Ruxolitnib Cream Appears Safe, Effective Treatment for Vitiligo

Connor Iapoce

Patients treated with ruxolitnib cream show ≥75% improvement in facial vitiligo scoring index.

New data show the Incyte phase 3 TRuE-V clinical trial had positive results in safety and efficacy of ruxolitnib cream for the treatment of vitiligo.

The treatment is an investigational, nonsteroidal, anti-inflammatory, JAK inhibitor, topical therapy for adolescent and adult patients (≥12 years) with vitiligo.

Trial

Each study enrolled 300 patients diagnosed with non-segmental vitiligo.

Patients were required to have depigmented areas including at least 0.5% of the body surface area (BSA) on the face, ≥0.5 facial vitiligo area severity index [F-VASI] score, and at least 3% BSA on nonfacial areas.

They were also required to have ≥3 total body Vitiligo Area Scoring Index [T-VASI] score and total BSA involvement (facial and nonfacial) up to 10%.

Patients were then randomized into two groups, including 1.5% ruxolitinib cream twice daily (BID) and control for the 24-week double-blind period.

Primary endpoints included the proportion of patients achieving F-VASi75, with at least a 75% improvement from baseline at week 24.

Results

Both the TRuE-V1 and TRuE-V2 met primary endpoints (P <.0001).

The results showed baseline improvement in patients treated with ruxolitnib cream in the facial vitiligo area scoring index (F-VASI75).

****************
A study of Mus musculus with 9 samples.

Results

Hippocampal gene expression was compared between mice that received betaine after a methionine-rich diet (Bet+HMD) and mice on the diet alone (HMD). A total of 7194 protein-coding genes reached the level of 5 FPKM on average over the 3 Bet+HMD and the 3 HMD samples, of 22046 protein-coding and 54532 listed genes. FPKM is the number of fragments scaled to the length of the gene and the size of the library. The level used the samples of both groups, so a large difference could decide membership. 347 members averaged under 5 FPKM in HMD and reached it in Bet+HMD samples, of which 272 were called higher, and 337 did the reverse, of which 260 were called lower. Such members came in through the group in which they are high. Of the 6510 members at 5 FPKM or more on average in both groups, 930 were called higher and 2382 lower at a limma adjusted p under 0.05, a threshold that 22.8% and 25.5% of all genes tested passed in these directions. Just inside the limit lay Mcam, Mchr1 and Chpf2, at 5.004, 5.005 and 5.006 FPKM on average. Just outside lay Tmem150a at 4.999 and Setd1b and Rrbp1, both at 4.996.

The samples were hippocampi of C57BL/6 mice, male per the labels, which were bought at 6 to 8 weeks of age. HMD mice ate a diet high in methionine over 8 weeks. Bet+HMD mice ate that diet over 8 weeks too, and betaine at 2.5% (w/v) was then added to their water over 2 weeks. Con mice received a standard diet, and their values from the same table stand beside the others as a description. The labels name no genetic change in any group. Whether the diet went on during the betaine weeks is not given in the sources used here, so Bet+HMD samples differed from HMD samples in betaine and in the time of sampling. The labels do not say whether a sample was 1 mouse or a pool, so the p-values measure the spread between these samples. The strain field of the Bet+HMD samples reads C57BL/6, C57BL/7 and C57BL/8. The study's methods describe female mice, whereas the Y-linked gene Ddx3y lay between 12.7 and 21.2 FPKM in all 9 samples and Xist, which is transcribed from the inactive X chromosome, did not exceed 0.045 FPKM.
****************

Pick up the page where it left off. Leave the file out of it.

Data show a significant patient number treated with ruxolitnib cream 1.5% twice daily resulted in a ≥75% improvement, compared to patients treated with vehicle control at week 24.

Secondary endpoints were met in the trial, including patient reported outcomes.

Both efficacy and safety data were found to be consistent with prior reported phase 2 data, with no new safety signals observed.

Reaction

Jim Lee, MD, Group Vice President, Inflammation & Autoimmunity at Incyte said in a statement the data confirm the potential of ruxolitnib cream as a meaningful option for patients seeking treatment for vitiligo.

“We look forward to working with regulators to bring this much needed treatment option to patients,” Lee said. “If approved, ruxolitinib cream would be the first and only medical treatment for repigmentation in vitiligo.”

David Rosmarin, MD, Vice Chair of Research and Education, Dermatology Department at Tufts Medical Center noted that vitiligo can have a significant impact quality of life for those suffering from the disease.

“As a clinician, I am extremely encouraged by the initial findings from the TRuE-V program and the potential to have ruxolitinib cream as a future topical treatment option for vitiligo patients, who currently have limited therapies available that effectively and safely address repigmentation,” Rosmarin said.

In an interview with HCPLive at the American Academy of Dermatology (AAD) Virtual Meeting Experience, Lawrence Eichenfield, MD, of the Rady Children’s Hospital and UC San Diego School of Medicine, noted ruxlitnib treatment "appears to be incredibly well tolerated" by patients with vitiligo.

A marketing application for ruxolitnib cream treatment is planned to be submitted to the US Food and Drug Administration (FDA) in the second half of 2021.